Here are the top five things you shouldn’t leave in your car when it’s freezing out Scott Eisen/Getty Images

The winter weather sweeping over the United States will keep many people home from work as inches of snow cover the ground, and there will be subzero temperatures throughout the country this week.

As a result, the Detroit Free Press listed eight things people shouldn’t leave in their cars in subzero weather, and here are the top five from that list to be conscious about during the winter.

1) Cell Phones

Cell phones shouldn’t be left in the cold or else they can malfunction. Apple said that its products shouldn’t be used in temperatures lower than 32 degrees, and most phones operate under similar rules. Leaving phones in the car in subzero temperature can cause them to quit working.

2) Medication

There are many medications that can affected by low temperatures, so it’s advised not to leave any medications in the car when it’s cold. Insulin is one medication mentioned that can lose effectiveness if its frozen.

3) Low Gas Tank

There are several issues that can occur with a car during freezing weather, but having a low gas tank can lead to fuel lines to freeze. It’s also a good idea to check antifreeze in the car. Low temperatures can also affect the tire pressure on cars, so make sure your car’s tires haven’t lost too much air pressure.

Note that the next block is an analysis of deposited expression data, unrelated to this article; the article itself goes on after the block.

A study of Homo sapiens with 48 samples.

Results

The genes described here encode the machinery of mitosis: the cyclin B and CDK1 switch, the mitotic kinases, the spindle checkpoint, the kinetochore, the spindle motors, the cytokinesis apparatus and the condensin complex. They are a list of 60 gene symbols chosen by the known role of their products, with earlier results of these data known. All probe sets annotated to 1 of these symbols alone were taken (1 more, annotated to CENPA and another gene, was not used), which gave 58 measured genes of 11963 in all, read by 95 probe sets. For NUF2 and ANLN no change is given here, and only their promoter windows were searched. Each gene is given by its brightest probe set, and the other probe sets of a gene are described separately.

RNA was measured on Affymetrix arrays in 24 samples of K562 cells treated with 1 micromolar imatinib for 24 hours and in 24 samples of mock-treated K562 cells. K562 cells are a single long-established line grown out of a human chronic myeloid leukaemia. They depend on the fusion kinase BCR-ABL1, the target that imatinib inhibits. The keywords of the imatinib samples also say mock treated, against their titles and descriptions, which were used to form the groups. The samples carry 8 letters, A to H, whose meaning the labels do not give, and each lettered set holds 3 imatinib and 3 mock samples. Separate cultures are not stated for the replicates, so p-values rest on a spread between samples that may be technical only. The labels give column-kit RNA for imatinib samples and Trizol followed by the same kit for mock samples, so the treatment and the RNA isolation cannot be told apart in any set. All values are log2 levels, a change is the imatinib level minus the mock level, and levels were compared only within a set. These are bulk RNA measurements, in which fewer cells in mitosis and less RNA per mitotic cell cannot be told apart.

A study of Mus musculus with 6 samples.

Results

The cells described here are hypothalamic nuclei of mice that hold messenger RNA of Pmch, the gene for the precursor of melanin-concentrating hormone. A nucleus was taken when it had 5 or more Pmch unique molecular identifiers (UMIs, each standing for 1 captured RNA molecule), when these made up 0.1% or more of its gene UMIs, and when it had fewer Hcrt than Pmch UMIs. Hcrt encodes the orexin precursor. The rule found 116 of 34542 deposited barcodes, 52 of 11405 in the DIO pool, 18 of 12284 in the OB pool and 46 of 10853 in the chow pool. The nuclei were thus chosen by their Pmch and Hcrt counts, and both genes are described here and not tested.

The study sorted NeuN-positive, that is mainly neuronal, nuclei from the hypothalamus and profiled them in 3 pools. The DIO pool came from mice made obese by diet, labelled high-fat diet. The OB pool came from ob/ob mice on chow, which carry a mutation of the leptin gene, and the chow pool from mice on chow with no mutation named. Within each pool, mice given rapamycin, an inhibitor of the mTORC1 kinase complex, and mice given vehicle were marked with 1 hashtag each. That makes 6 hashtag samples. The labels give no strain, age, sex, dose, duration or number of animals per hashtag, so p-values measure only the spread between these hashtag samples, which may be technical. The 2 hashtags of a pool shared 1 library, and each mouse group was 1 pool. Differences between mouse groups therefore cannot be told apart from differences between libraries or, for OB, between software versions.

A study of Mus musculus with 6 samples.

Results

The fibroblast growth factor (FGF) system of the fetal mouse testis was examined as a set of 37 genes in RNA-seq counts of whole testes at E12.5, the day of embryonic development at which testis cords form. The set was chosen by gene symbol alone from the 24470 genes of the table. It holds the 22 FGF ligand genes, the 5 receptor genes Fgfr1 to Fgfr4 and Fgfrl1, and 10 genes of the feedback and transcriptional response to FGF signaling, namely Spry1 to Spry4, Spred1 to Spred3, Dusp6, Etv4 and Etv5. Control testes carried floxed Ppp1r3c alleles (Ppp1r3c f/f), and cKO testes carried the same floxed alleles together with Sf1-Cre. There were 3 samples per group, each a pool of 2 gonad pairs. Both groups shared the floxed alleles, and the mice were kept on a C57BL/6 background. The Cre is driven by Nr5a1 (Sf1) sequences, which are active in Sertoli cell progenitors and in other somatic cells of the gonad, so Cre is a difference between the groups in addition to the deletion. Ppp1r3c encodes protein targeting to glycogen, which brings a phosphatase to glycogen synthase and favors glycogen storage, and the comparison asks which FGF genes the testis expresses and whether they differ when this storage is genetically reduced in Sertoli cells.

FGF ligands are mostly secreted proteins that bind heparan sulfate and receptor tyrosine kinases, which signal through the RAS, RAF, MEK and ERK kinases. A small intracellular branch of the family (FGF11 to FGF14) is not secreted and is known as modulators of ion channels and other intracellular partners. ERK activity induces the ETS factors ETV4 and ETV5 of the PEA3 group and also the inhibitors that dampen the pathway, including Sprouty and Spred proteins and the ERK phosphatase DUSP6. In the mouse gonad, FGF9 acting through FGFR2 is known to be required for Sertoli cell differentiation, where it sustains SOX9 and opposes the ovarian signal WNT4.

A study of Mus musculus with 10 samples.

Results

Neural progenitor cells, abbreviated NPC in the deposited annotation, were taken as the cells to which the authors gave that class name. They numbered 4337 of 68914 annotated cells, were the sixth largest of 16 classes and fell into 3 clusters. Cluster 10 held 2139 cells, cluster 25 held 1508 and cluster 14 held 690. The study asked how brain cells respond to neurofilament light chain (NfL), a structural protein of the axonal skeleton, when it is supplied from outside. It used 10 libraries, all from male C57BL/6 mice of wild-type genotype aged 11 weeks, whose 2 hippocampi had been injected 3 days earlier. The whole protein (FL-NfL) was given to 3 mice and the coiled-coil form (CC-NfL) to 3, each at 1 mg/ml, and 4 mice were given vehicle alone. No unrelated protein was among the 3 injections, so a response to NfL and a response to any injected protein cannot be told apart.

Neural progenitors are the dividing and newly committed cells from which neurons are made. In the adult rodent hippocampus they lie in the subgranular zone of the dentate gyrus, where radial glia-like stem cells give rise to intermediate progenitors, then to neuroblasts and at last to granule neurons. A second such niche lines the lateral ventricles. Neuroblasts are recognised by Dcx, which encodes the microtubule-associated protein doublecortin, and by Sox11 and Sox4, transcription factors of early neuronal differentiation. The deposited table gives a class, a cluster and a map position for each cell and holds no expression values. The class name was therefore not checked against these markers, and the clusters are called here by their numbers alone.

Related: Should you be warming up your car in the cold?

4) Soda or Beer

Cold weather can cause canned drinks to expand and eventually explode. So, unless you want beer or Coke all over your car, don’t leave your drinks in the vehicle over night.

5) Canned Foods

The issue with canned foods is similar to that with canned drinks. It expands, and it can result in a broken seal. That can lead to food going bad, so it’s advised not to leave cans in the car. And if you do, don’t eat the food if the seal is broken.

They also listed eggs, musical instruments and of course loved ones on the list. Children or animals shouldn’t be left in the car during drastic winter weather — basically the same as if it over 100 degrees outside.

If the roads are bad, don’t drive unless you absolutely have to. This kind of weather can definitely provide hazardous driving conditions, so be sure it’s safe to drive before getting on the road.

Cole Frederick About the author:
Cole Frederick is from a small town in Alabama, and he graduated from the University of Mississippi with a degree in journalism. He loves all sports - especially football and basketball - and quotes The Office frequently.